Countdown to A Sign in Blood - Day Two

Well, it's day two of our countdown (still crazy excited!) and I thought I'd discuss a little about the world and geography of A Sign in Blood, and book worlds in general. Remember, comment here to be entered to win a free copy!! Don't be shy. Tell me about your favorite fictional world, yours or someone else's. What is it that makes you interested in visiting that place?

I often start off a world by drawing a map. It gives me a starting place, and I like having something solid on which to base the worldbuilding. I may have an idea of the story I want to tell, but evolves with the world and I find that having a set physical location gives me the first boundaries necessary to create a world. Once the map is finished, I have a solid foundation for building the rest.

With A Sign in Blood, I liked that all my characters came from very different places, with very different climates and environments. Different modes of survival. I wanted to use that in characterizing them. Chadri, for instance, often compares things to the home she longs to return to. She thinks in sea and storm and water imagery, connecting everything to sea-cliffs and mountains, to the winds and the rains and the floods. Her people, the Bensas, associate themselves with the stone beneath their feet, and Chadri has been trying to fit in among them for so long that she has trouble seeing outside of their perspective. Narrow city streets become ravines, and niggling questions get compared to grit in an oyster.

Nathias, on the other hand, uses terms, imagery and comparison from all three nations, because she's lived in all three--the only one of the character who has, at the start of the book. Her world view is larger, but still defined by her own perceptions of those three cultures. She is Nirafel, and she grew up in Barakou's temple, and she is not fond of temples or religion in general. When she does relate to it, she feels closest to the Bensas way of thought because deity is not--in their view--confined to a temple. They don't build structures at all, and for Nathias spirituality that is bound to a temple is too rigid and confining.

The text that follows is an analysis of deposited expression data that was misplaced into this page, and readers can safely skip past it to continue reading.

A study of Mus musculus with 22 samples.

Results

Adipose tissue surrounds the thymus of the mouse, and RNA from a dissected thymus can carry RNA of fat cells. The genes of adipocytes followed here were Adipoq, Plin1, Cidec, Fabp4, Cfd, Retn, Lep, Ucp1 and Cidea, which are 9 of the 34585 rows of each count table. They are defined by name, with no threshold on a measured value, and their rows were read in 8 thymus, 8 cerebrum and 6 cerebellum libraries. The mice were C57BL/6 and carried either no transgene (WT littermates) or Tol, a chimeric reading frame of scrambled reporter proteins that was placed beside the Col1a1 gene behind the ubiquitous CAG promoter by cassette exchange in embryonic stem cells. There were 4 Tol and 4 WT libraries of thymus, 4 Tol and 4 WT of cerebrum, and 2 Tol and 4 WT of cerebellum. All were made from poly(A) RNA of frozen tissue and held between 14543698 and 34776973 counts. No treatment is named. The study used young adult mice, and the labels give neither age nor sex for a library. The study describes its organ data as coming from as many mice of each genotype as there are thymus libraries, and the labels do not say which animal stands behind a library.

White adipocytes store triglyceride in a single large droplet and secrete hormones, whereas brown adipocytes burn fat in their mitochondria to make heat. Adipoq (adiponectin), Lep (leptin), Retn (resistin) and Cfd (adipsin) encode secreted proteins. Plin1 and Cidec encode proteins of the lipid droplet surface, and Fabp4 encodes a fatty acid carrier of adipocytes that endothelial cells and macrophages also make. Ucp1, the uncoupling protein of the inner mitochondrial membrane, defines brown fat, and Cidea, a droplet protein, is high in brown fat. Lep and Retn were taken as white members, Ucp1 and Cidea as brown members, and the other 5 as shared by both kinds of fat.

I find that once I have the geography down, the world builds itself to some degree. I start asking myself questions about the geography. What resources would these people have? How do they transport goods? How do they keep in contact with one another? How do they organize themselves? The geography often places an important role in these types of decisions. If they have to cross a lot of water, boats are a likely option, if they have to trudge through the snow, skis and sleds may be their idea of traveling in style.

Geography gives you a sense of what resources a place will have, and what they'll have to do to keep them. Culture grows up around it, and while every group of people will deal differently with the challenges and advantages their geography represents, knowing what those challenges and advantages are is the first step.



That's so interesting, that you begin with the geography of the world! I also have that. For the Reversal (title will change), which is epic fantasy, it had a lot to do with the properties of the world (a hollow world). In Rex Rising, it's the islands and how they came into being. The geography isn't the story, but it drives the story and forms perhaps the most important factor in the backstory that will eventually emerge and affect the characters.
Marion Sipe said…
Oh, hollow world! I love it! So many possibilities and interesting twists to write! And, yeah, I love the mystery of the islands in Rex Rising. I can't wait for the second book so that I can find out more!

I think setting down the geography forces a writer to think within a given set of boundaries. I always like finding out how that's going to shape things!